As a sort of weird side project, I'd like to make an oven timer that has selectable food stuffs and associated timing information. Now while this device would be simple to make I would like to stick it on the oven which means it would have to deal with some significant but not ridiculous temperatures (gas oven, metal structure). Has anyone has any experience heat proofing things like HD44780 LCDs, AVRs and other delicate components or do I have to go and get hold of those military grade parts?
Typical ovens with electronics use a back panel to place the electronic components on. Putting an additional panel above or to the side of this panel will provide the best location. Mark has a good point though test the temp experienced at the location you plan to put the project before you start to build. Each component you use should have a rating given by the manufacture of the max heat the component should be exposed to. You may also consider using an old pc fan to place in the enclosure to aid in keeping everything cool.
Do you really need to put the electronics in that environment? Couldn't you simply use high temperature wire for the sensors and such, then mount the electronics in a slightly cooler location? Not trying to be mister obvious here just asking to understand. An oven is a rather dangerous appliance to automate, not that it can't be done safely, just that you need to make sure you have proper fail safes and such. I have built some very large kilns that were gas fired so I do understand some of the challenges with dealing with the heat. I always tried to remove any electronics to a temperature friendly zone.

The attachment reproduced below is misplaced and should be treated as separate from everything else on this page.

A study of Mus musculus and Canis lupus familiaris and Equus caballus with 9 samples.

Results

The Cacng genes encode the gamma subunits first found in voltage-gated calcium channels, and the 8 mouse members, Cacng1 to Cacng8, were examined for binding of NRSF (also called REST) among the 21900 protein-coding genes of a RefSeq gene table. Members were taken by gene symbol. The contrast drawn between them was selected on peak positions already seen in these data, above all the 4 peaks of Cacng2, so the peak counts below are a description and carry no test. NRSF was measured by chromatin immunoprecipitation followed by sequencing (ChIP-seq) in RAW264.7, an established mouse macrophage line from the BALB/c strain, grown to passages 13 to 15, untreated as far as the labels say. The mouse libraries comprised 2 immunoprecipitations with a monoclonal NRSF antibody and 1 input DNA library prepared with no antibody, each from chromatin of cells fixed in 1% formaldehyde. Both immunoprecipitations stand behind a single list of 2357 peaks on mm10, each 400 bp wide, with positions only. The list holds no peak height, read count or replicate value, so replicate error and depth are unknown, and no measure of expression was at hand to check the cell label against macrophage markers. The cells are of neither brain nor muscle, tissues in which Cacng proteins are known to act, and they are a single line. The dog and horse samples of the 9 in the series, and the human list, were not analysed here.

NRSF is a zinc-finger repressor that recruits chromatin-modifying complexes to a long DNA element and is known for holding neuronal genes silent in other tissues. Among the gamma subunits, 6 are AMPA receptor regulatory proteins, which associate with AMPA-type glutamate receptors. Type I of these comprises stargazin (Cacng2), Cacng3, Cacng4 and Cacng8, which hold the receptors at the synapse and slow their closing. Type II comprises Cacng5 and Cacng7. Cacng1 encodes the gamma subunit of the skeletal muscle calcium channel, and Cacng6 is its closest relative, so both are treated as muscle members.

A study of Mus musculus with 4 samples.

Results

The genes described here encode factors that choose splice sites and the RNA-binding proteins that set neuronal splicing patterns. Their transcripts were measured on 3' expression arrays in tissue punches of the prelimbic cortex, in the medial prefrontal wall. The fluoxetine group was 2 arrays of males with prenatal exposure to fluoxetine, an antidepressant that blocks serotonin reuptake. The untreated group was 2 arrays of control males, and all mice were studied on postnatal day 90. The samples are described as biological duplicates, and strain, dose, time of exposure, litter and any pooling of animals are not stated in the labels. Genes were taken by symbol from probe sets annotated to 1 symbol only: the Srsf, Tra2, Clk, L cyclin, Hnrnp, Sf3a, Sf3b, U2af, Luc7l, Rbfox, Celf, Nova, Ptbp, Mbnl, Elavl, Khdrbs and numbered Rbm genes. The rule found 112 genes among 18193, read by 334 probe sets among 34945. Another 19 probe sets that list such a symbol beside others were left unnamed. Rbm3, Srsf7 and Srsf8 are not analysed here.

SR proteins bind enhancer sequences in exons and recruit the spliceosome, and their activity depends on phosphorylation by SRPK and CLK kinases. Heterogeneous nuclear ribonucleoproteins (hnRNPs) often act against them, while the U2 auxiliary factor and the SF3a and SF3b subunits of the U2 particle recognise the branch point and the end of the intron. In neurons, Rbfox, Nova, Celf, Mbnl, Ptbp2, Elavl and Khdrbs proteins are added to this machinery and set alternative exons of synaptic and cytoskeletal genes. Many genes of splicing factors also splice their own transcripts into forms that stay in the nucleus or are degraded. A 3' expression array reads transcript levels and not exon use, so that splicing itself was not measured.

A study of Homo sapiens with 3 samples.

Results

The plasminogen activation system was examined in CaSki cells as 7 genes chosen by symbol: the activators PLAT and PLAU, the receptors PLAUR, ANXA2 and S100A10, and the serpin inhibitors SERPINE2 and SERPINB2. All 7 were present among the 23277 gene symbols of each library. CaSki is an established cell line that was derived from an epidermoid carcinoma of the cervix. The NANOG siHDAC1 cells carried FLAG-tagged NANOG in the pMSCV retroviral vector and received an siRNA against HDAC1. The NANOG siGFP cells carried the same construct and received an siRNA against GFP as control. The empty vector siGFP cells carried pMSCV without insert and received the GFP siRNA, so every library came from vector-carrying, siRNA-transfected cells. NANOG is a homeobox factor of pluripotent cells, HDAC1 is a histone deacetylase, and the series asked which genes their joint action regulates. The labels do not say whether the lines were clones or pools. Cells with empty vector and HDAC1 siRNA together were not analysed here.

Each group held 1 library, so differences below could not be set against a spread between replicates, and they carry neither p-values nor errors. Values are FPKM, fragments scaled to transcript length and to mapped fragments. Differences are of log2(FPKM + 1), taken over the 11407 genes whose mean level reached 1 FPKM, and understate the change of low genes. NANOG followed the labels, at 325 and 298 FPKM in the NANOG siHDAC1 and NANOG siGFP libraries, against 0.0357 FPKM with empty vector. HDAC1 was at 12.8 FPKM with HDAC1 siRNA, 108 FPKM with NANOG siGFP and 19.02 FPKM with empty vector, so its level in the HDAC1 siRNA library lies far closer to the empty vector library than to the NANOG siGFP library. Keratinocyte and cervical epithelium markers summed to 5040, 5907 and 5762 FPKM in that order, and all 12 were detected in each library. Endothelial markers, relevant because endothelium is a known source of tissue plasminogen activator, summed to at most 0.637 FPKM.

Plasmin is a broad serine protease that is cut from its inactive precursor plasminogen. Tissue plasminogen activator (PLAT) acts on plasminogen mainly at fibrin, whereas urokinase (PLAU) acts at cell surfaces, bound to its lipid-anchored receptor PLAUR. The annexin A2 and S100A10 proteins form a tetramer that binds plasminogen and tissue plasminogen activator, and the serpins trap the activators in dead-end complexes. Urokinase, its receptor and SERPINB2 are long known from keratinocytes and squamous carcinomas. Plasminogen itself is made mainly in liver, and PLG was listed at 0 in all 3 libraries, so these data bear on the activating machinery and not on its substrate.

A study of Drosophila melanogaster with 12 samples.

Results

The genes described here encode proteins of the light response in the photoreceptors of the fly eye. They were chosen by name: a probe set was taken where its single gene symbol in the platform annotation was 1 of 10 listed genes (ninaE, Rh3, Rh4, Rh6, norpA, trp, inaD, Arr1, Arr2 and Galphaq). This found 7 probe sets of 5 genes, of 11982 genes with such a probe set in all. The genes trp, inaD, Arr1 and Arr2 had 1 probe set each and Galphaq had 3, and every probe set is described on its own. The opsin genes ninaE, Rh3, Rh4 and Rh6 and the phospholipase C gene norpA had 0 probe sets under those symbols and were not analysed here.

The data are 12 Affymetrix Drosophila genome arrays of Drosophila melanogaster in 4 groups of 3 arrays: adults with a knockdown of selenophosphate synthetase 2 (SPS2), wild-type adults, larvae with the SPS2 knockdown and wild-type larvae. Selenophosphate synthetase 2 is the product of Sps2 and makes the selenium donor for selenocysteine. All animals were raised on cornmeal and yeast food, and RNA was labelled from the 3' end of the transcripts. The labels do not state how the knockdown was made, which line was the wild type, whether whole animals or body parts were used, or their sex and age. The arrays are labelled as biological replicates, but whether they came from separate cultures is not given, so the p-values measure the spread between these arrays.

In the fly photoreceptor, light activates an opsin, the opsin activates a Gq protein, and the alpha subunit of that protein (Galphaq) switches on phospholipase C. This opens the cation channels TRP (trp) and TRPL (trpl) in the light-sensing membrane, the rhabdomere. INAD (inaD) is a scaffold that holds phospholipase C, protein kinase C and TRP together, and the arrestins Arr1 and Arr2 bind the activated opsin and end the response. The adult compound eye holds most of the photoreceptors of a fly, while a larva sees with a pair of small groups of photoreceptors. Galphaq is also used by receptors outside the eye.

There's always and only three ways for heat to transfer: radiation, conduction and convection. Account for all three by shielding, isolating, and "mitigating".
That said, sticking electronics (of any kind) in an oven is not a great idea; out-gassing could occur with the plastic parts and thermal cycling is a great way to check the reliability of parts and their interconnects.
For temperatures above the 'normal' industrial range (say 70C), it's not just the military grade parts you'll need, but (perhaps) the ceramic PCBs, the heavy traces and bomb-proof assembly. It's why they're so expensive.
Much, much cheaper is what Mark B said, get the electronics outside, and just sense the temperature.